NATIONAL NEWS - Actor and comedian Rob Van Vuuren has issued a lengthy apology after having done blackface in a 2013 Leon Schuster movie.
Van Vuuren’s apology comes in the wake of Showmax announcing their decision to review content on its platform that could be considered to be racially insensitive.
Most films by South African filmmaker Leon Schuster have been affected by this decision.
“There is no easy way to say this. In 2013, I did blackface in a Leon Schuster movie. I am deeply ashamed about this fact and very sorry for the hurt it has caused,” wrote Van Vuuren in a statement shared to social media.
“I wish I could say that I didn’t know any better at the time but the truth is that I did. I made all sorts of excuses for myself at the time to justify doing it. I pointed to the diversity of the demographics of Leon’s audience, I argued that his work was most powerful when it exposed white hypocrisy in the ‘rainbow nation’ and revealed the fears and anxieties of a white minority unwilling to relinquish its privilege,” added the comedian.
Like many other comedic devices, blackface has long been a topic of discussion in the entertainment industry.
Though it is assumed to refer to make-up used by a non-black performer playing a black role, blackface refers more to the intent of non-black performers to represent a caricature of a black person – an often demanding caricature rooted in racist and negative stereotypes.
According to CNN, the initial intent of blackface was to mock enslaved Africans in minstrel shows. Additionally, these displays depicted black people as lazy, ignorant, cowardly or hypersexual.
While the actual makeup has become less cartoonish over the years, the characteristics actors choose to portray remain just as exaggerated.
Among the actors called to order for this are the likes of Robert Downey Junior for his role in Tropic Thunder, Julianne Hough who darkened her face to resemble Orange is the New Black character ‘Crazy Eyes’ played by Ozu Aduba and Drake in a photo that rap rival Pusha T used as cover art for his Story of Adidon diss track.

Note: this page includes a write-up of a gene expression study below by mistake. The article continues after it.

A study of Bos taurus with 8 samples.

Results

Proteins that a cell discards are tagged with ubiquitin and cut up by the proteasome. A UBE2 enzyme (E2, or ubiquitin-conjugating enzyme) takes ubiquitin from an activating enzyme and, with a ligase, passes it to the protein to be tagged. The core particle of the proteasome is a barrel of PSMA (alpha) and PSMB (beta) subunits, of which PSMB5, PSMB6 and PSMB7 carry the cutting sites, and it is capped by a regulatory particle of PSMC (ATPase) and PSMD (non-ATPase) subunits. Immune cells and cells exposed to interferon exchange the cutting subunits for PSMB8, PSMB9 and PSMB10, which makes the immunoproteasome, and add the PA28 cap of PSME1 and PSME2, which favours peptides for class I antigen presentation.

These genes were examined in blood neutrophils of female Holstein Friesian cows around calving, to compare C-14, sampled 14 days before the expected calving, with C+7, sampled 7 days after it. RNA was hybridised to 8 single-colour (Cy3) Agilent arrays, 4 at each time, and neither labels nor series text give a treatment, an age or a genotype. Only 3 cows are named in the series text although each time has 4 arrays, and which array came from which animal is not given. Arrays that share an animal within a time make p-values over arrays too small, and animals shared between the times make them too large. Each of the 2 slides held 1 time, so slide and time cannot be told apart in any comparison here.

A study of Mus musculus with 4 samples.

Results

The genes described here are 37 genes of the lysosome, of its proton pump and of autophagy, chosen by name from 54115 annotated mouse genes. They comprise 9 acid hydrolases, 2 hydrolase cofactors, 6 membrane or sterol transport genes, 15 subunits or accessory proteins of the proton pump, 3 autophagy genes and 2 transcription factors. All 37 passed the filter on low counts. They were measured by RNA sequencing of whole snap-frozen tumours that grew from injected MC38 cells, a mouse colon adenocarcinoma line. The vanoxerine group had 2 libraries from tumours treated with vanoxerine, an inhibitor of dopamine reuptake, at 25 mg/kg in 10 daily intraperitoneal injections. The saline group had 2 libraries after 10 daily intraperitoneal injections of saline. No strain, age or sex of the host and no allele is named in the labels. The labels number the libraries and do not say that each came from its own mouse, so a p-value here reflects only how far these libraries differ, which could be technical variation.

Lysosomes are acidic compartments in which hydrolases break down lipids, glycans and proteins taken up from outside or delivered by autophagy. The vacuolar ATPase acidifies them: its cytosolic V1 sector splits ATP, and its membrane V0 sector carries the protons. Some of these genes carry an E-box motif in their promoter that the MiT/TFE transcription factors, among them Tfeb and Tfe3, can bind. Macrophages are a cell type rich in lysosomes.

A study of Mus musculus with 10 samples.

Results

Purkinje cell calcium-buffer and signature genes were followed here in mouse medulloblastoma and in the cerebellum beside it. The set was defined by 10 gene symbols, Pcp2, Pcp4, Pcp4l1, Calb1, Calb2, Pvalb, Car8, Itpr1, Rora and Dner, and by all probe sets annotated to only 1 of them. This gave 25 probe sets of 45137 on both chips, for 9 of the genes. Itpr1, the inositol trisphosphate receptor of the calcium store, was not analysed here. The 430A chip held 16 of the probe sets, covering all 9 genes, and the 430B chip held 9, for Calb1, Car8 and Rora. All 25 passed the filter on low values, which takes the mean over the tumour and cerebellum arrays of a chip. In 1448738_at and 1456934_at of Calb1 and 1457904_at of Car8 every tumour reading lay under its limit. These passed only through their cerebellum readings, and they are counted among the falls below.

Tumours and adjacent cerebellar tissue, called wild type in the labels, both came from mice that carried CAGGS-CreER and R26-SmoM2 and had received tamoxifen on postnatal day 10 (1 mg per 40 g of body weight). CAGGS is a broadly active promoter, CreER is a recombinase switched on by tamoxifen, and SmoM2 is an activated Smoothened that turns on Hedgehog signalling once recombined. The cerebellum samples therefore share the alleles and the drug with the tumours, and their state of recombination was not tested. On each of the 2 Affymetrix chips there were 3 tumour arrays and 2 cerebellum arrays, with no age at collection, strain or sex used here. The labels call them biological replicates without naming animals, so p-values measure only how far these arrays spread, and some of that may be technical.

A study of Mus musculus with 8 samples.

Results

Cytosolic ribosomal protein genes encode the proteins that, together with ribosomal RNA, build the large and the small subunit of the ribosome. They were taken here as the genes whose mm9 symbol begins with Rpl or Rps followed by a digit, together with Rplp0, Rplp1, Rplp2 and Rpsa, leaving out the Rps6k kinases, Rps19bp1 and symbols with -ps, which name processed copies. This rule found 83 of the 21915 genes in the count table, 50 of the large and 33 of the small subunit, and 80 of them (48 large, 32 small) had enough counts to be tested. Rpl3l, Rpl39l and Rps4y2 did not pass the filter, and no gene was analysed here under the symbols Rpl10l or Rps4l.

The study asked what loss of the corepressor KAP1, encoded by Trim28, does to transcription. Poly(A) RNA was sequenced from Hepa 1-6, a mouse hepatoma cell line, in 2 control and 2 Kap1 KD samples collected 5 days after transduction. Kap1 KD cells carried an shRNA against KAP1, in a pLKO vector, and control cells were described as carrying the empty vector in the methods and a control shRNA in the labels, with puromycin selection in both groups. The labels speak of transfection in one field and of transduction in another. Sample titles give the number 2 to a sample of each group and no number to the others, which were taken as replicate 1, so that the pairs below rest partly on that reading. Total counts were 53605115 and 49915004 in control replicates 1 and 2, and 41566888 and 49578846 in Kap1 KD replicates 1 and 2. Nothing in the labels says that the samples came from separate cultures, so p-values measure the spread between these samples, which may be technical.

Drake addressed the criticism, explaining that his shoot was aimed at criticising the history of blackface and its legacy.
Although he admits that he “effed up”, Downey Jr. says he has no regrets because the film he sported blackface for was about how wrong blackface was.
This is in reference to his role as Kirk Lazarus, a five-time Oscar-winning Australian actor who undergoes “pigmentation alteration” surgery to portray a black soldier in a satirical film-within-a-film.
Speaking to American media personality Joe Rogan on “The Joe Rogan Experience” podcast, Downey Jr. shared that he did have reservations about the role prior to signing on.
“I thought: ‘Hold on, dude. Get real here. Where is your heart?’ My heart is a) I get to be black for a summer in my mind, so there’s something in it for me. The other thing is I get to hold up to nature the insane, self-involved hypocrisy of artists and what they think they’re allowed to do on occasion.”
This is similar to the thought process Van Vuuren says he went through.
“I convinced myself that any of the characters I portrayed would be from a place of love and respect. However, as a white father of a child of colour, I failed to examine my own privilege and prejudice despite knowing which direction my moral compass was pointing, I chose to take the money and run in the opposite direction,” said Van Vuuren.
The actor then shared his feelings about having betrayed himself and his daughter with this decision.
“Living with the shame of that is a small price to pay for unlearning my prejudices and the growth that comes with accepting the consequence of my behaviour.
“I apologise unreservedly for the hurt my actions have caused and for contributing to negative stereotypes from a position of power and privilege.”